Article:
Asparagus shines no matter how you prepare it. Grill asparagus on an open flame or smother it in butter and garlic — even a quick steam will result in deliciously tender and slightly crisp stalks. It can be added to salads, quiches, omelets, pasta dishes, and stir-fries, or simply enjoyed on its own as a healthy and flavorful side dish. Don’t miss out on the chance to elevate your meals with this distinctive vegetable.
While most of us are fully aware of how delicious asparagus can be, how many of us know much beyond that? As it turns out, there’s a lot to know. First, it’s not actually a kind of grass. Asparagus are members of the lily family, and it’s the first tender shoots that are harvested and consumed. They can be challenging to cultivate, but once harvested, they come packed with great flavor and a number of notable health benefits.
On the Origins of Asparagus
Our love-affair with asparagus in the West started around 2,000 years ago, in the area along the eastern stretch of the Mediterranean. While it began as a wild plant, it wasn’t long before people began working to cultivate the tasty spears domestically. The ancient Greeks and Romans are known to have considered asparagus a delicacy, enjoying it in season and drying some for later use. The ancient Egyptians were also big asparagus fans. In medieval France, white asparagus (grown without sunlight) became more highly prized than green for its elevated sweetness and delicate flavor. Nowadays, the two biggest asparagus producers are China and Peru, demonstrating a truly international fan base!
There are over 300 species of asparagus in the world (spanning from Siberia to South Africa), but the one most people will recognize are the common garden variety. As noted, the grass-like stems aren’t really grass at all – they’re the first shoots of what will eventually grow to be a large, fernlike bush. Asparagus plants will often take one to two years after being planted to produce shoots, but once they start, they can continue producing for a decade or more! Asparagus will also grow in soil that is too sandy or heavy in clay for other crops, and they thrive in the long winters that can spell disaster for less-rebellious vegetables. In spite of resiliency, the productive season is relatively short – only about 12 weeks total. Our global economy lets us enjoy this seasonal treat year-round, but we still think the best asparagus are the ones grown right at the start of Spring!
The Care and Keeping of Your Asparagus
While most of us will devour our asparagus as soon as we bring it home, there are a few things to keep in mind if you’re not eating it immediately. First, don’t store them for too long: fresh asparagus really only have a shelf-life of three to four days. Keep your asparagus cool and dry. If you must wash it, do it gently and dry to prevent mold. Keep it from going limp by wrapping the base of your asparagus bundle in a moist cloth or paper towel, then place in a plastic bag. Alternatively, place your asparagus in wide-mouthed jar or glass with an inch of clean water – this will help keep your asparagus crisp right until the moment you use it!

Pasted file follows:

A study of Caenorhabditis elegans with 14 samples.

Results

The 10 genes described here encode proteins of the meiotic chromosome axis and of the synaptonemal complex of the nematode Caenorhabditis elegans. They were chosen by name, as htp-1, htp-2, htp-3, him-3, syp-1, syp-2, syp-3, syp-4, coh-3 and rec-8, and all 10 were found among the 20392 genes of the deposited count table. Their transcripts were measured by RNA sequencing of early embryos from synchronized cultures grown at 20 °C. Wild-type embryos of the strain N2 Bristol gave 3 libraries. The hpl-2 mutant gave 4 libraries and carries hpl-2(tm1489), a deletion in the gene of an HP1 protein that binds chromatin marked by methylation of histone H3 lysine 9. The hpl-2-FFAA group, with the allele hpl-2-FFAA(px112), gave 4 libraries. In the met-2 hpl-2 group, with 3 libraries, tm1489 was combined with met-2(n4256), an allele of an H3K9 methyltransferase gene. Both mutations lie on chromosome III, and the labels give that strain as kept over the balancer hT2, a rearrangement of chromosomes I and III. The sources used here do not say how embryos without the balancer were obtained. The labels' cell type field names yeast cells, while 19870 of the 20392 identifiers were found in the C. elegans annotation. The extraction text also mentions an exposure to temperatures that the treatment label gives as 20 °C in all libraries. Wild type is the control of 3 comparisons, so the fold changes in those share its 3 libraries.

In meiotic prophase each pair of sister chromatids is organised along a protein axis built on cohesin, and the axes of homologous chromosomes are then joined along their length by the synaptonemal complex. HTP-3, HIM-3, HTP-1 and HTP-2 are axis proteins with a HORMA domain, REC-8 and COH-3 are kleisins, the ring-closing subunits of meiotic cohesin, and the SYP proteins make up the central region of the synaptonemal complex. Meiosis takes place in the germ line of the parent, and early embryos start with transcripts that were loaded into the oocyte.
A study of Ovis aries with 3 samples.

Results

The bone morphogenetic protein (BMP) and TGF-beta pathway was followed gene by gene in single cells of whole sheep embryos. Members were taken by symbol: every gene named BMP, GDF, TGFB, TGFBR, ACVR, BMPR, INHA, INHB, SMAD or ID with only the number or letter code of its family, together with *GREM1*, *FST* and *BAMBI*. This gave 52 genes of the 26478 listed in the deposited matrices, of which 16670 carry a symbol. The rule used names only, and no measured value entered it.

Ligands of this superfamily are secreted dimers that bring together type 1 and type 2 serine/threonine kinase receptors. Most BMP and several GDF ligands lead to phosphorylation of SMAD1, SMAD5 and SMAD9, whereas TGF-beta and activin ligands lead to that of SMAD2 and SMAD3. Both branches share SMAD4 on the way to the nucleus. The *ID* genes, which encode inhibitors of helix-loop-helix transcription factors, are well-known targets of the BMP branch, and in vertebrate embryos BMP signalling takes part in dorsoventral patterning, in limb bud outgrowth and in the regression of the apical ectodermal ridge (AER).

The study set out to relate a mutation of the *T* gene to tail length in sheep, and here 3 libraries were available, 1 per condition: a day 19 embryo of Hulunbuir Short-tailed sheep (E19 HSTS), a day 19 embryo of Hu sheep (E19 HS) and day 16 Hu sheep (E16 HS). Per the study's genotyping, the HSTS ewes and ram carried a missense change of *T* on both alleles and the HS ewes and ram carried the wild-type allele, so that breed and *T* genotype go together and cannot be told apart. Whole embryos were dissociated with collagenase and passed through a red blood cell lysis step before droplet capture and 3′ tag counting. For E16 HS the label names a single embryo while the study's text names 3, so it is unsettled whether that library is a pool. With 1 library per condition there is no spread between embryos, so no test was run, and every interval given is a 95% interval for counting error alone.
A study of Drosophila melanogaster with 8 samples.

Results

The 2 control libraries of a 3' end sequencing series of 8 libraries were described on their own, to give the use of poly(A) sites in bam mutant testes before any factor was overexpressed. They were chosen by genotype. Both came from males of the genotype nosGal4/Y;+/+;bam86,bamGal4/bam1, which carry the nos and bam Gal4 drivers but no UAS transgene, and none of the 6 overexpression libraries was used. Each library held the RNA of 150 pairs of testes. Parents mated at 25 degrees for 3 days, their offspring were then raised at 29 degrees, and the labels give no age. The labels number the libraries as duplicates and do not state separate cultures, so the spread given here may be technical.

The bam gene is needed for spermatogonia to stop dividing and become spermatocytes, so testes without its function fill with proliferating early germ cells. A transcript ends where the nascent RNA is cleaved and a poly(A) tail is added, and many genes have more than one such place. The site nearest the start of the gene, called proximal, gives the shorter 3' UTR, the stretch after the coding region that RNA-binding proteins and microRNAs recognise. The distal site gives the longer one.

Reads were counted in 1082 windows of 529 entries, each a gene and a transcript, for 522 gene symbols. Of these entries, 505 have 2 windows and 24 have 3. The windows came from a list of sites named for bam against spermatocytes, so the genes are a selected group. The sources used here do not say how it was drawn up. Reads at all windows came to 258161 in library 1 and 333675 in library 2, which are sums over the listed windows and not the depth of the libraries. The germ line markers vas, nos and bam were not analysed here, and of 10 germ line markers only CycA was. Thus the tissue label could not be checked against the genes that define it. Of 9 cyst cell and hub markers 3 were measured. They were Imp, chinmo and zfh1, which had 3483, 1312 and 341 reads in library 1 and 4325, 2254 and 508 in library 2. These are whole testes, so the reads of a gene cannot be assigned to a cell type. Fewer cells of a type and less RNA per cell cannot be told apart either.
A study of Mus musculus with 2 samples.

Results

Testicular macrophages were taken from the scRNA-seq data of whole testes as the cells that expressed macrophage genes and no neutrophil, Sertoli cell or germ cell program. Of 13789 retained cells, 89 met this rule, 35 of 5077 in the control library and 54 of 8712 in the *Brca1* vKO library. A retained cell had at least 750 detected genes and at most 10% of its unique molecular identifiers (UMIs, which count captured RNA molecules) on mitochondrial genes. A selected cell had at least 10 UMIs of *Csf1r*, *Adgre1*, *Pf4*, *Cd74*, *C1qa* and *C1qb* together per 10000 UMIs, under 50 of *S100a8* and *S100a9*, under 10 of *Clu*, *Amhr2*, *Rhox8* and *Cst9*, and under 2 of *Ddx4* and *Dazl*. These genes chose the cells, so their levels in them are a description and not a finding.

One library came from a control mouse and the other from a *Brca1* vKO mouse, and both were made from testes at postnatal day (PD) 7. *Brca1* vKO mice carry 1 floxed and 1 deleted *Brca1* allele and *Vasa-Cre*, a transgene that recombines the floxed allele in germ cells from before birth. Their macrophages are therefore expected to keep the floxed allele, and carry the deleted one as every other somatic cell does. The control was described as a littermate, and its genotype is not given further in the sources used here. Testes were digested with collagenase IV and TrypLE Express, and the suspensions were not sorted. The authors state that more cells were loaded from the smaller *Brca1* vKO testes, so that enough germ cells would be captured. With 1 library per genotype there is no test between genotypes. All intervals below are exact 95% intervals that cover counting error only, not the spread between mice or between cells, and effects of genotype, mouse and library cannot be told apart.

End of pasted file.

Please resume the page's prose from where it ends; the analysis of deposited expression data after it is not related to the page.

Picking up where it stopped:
Asparagus Enjoyment and Benefits
Asparagus are very, very versatile and can prepared pretty much any way you can imagine as noted above. If you need inspiration, here are delicious recipes for Asparagus with Pecorino and Meyer Lemon Poached Egg, Grilled Coho Salmon Steak with Asparagus, and Asparagus, Tomato and Feta Salad with Balsamic Vinaigrette.
To Your Health
Along with being just plain delicious and super versatile, asparagus is also jam-packed with health benefits. It’s a great source of soluble and insoluble fiber, and it’s low in calories. Asparagus is also packed with vital nutrients and minerals, particularly folate which is crucial to cell development as well as maintaining steady energy levels and mood. Folate is also to thank for asparagus’ reputation as an aphrodisiac, as it can help boost feelings of arousal and increase libido. Aside from folate, asparagus also comes with plenty of potassium, vitamin K, zinc, phosphorus, and even rare micro-nutrients like selenium!
Of course, we can’t talk about asparagus without at least mentioning “asparagus pee” and its ‘distinctive’ smell. Along with the nutrients mentioned, asparagus contain high levels of the amino acid asparagine. This natural diuretic is what gives asparagus its stinky reputation, but in spite of the smell, asparagine has surprising health benefits. It makes asparagus especially beneficial to those who are prone to urinary tract and bladder infections, as the increased rate of urination is thought to help prevent the infections from developing.
Asparagus is delicious, nutritious, and packed with history, too. This week, spear yourself a deal with fresh, organic asparagus for just $3.99 a pound. With hundreds of preparations and great prices from Oliver’s, there’s never been a better time to ‘stalk’ up!